14 Jul A spotlight on Yakima Valley’s Sub AVA – Rattlesnake Hills
The Yakima Valley AVA grows more than 40 different varietals of wine grapes. The success of this diversity can be attributed to the many different growing aspects within the AVA. The micro climates, heat variations, and different soils types within the three sub AVAs play a major role in successfully growing so many grape varieties.
Today’s blog focuses on the Rattlesnake Hills AVA. The appellation is located in south-central Washington around the town of Zillah with the hills named after the Northern Pacific Rattlesnake, which inhabits the area.
As a growing region, Rattlesnake Hills is almost evenly split between red and white wine grapes with reds having a slight edge. Riesling is a dominant white grape in this region producing wines with aromas and flavors of lime, lemon, and green apple. Other sites in the appellation offer flavors with a little more stone fruit, particularly peach.
Merlots are notable for red fruit aromas and flavors, such as sweet cherries, red currants, and raspberries, along with chocolate and mint. For Cabernets, black cherry, cassis, and light, high-toned herbal notes are often the hallmarks.
The east-west trending Rattlesnake Hills are an anticline of the Yakima fold belt, a series of geologic folds that define a number of viticultural regions in the area.
The appellation itself lies on the south slope of the Rattlesnake Hills and includes the highest point in the Yakima Valley AVA. The Rattlesnake Hills’ distinguishing feature is its elevation relative to the surrounding area. Elevations range from 850 feet to 3,085 feet, although vineyard plantings are limited to the lower-lying areas.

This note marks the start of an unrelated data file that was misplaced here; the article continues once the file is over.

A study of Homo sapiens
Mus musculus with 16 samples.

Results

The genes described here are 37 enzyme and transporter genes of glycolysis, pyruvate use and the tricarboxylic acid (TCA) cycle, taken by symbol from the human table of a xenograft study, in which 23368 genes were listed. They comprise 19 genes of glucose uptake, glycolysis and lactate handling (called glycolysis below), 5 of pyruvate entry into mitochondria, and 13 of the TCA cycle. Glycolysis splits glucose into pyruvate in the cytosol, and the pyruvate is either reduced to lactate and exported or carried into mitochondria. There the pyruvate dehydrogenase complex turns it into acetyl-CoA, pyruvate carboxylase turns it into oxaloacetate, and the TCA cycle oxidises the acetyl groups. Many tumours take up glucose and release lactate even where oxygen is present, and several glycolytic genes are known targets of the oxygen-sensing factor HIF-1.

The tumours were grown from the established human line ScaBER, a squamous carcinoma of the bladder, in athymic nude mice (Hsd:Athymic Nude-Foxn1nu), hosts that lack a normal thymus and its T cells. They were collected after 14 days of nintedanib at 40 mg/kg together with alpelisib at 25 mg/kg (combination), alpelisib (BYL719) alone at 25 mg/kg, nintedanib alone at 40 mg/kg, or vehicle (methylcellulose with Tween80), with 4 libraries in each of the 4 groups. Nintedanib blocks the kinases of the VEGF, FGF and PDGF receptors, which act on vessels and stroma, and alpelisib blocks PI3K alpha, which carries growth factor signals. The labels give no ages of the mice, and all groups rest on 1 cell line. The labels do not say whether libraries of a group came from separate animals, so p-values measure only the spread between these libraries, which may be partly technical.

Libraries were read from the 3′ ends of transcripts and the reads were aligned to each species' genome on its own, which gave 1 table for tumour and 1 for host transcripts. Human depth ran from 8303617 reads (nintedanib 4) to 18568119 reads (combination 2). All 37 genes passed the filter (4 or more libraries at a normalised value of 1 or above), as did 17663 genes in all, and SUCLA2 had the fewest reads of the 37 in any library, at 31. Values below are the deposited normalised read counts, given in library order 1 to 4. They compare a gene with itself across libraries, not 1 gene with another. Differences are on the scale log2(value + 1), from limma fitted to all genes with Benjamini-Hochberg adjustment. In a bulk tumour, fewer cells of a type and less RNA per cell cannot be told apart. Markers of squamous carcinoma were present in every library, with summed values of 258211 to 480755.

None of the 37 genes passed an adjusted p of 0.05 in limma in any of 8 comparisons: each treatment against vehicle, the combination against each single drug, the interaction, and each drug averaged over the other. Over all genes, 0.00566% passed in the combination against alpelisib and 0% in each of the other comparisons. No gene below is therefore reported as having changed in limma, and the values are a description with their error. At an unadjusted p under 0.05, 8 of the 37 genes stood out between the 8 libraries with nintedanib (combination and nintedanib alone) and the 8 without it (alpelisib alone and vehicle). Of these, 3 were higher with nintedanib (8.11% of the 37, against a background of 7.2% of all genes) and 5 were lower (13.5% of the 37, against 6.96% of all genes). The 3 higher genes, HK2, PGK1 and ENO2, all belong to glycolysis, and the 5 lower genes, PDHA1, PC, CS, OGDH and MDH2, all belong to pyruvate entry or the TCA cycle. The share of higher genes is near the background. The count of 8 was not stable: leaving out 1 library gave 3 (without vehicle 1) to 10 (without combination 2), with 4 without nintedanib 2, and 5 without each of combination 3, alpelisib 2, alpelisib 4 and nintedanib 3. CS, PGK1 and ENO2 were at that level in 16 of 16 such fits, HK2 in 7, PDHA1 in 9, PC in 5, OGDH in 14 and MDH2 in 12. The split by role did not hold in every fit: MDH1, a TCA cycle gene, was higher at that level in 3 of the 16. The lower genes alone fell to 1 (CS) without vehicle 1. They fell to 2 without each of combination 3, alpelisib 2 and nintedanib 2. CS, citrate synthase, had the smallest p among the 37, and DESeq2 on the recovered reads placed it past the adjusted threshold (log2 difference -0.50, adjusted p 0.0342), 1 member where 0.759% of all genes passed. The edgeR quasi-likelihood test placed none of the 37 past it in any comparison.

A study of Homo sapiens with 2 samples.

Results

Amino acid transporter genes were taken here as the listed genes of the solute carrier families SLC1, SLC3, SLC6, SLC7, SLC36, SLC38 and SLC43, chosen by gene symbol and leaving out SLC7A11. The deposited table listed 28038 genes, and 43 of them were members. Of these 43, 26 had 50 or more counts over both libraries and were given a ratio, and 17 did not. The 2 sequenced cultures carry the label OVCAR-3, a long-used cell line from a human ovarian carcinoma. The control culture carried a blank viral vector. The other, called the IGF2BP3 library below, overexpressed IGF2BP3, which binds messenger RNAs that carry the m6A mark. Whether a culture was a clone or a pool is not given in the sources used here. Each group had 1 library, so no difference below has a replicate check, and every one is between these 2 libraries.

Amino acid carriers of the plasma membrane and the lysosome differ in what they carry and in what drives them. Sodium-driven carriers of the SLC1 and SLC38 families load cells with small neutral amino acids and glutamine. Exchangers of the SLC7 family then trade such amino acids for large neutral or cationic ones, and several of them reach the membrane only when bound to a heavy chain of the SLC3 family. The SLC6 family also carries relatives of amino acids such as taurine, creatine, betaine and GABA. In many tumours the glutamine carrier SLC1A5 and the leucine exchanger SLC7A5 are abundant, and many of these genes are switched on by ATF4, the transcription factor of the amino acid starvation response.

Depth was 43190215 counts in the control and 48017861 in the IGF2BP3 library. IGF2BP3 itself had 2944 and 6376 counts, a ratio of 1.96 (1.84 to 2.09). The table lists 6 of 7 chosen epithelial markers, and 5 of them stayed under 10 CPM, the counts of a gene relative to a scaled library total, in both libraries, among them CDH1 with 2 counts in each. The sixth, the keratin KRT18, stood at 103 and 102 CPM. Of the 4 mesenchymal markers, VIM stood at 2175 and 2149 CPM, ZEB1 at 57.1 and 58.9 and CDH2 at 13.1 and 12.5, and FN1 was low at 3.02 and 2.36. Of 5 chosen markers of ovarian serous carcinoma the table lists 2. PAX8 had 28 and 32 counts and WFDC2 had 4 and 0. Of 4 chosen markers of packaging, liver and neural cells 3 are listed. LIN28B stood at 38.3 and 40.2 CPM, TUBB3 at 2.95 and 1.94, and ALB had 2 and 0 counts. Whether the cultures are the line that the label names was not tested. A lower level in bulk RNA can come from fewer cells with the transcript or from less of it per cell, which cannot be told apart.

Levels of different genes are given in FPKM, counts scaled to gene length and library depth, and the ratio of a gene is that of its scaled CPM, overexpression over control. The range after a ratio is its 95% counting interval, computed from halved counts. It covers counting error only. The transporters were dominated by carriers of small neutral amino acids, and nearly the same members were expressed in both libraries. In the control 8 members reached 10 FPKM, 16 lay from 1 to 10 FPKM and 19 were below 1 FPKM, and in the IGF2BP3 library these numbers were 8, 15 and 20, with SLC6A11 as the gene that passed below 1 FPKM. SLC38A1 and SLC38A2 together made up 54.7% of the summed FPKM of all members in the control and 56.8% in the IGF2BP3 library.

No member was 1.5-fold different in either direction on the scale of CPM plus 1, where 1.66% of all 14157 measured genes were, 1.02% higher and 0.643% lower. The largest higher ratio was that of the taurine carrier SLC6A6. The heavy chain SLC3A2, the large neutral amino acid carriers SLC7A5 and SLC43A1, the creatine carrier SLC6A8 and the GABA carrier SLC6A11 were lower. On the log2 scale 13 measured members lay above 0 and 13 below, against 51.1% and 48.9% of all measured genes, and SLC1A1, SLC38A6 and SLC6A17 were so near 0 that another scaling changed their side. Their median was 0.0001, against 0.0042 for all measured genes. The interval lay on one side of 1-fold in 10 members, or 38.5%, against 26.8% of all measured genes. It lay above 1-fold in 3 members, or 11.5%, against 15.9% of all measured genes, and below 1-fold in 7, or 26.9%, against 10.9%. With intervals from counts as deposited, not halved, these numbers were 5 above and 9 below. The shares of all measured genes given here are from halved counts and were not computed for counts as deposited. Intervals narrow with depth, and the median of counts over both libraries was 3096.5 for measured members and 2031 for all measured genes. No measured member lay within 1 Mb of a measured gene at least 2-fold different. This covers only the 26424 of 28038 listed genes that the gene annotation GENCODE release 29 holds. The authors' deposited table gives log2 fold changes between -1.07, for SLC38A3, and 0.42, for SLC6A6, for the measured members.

The appellation’s heightened elevation lessens the risk of spring and fall frosts. Additionally, winter temperatures are warmer than the surrounding area, limiting the danger of hard freezes. The predominant soil types are silt-loam and loam.
The Rattlesnake Hills has an arid, continental climate and receives an average of 6 to 12 inches of rainfall annually. Irrigation is therefore required to grow vinifera grapes. The earliest vines at Rattlesnake Hills were planted in 1968.
The following wines represent the true characteristics of the fruit from the Rattlesnake Hills AVA.
Saviah Cellars’ 2011 G.S.M. Elephant Mountain Vineyard, Rattlesnake Hills, $38
Beautiful ruby red color in the glass. Refined aromas of spiced red plums, black cherries, and cranberry, with hints of red peppercorns and wild roses. The flavors are concentrated and harmonious, delivering red and black fruits, which are complemented by refreshing acidity, along with notes of tea, white pepper, and allspice. An elegant, yet intensely flavored wine that is a perfect match for Mediterranean cuisine.
This wine is an exceptional representation of Rattlesnake Hills AVA showcasing some of the best attributes of the region. It won Best in show at the 2014 Great Northwest Wine Competition. Read about grower Joe Hattrup and his Elephant Mountain Vineyards.
AniChe Cellars 2011 Moth Love, Rattlesnake Hills, $34
Moth Love is a blend of 38% Syrah, 25% Mourvedre and 37% Grenache from Rattlesnake Hills AVA. Rich velvet black fruit, chocolate, black pepper and subtle hints of red meat. A full bodied, medium tannin wine. This wine pairs well with grilled steak, stews, and rich savory dishes.
Kennedy Shah 2008 Reserve Malbec, Rattlesnake Hills, $42
This rich & ripe Malbec displays dark espresso & mocha aromas leading into lush plum sauce, braised ripe fig & dark blueberry flavors. The long, creamy finish brings it all together very nicely.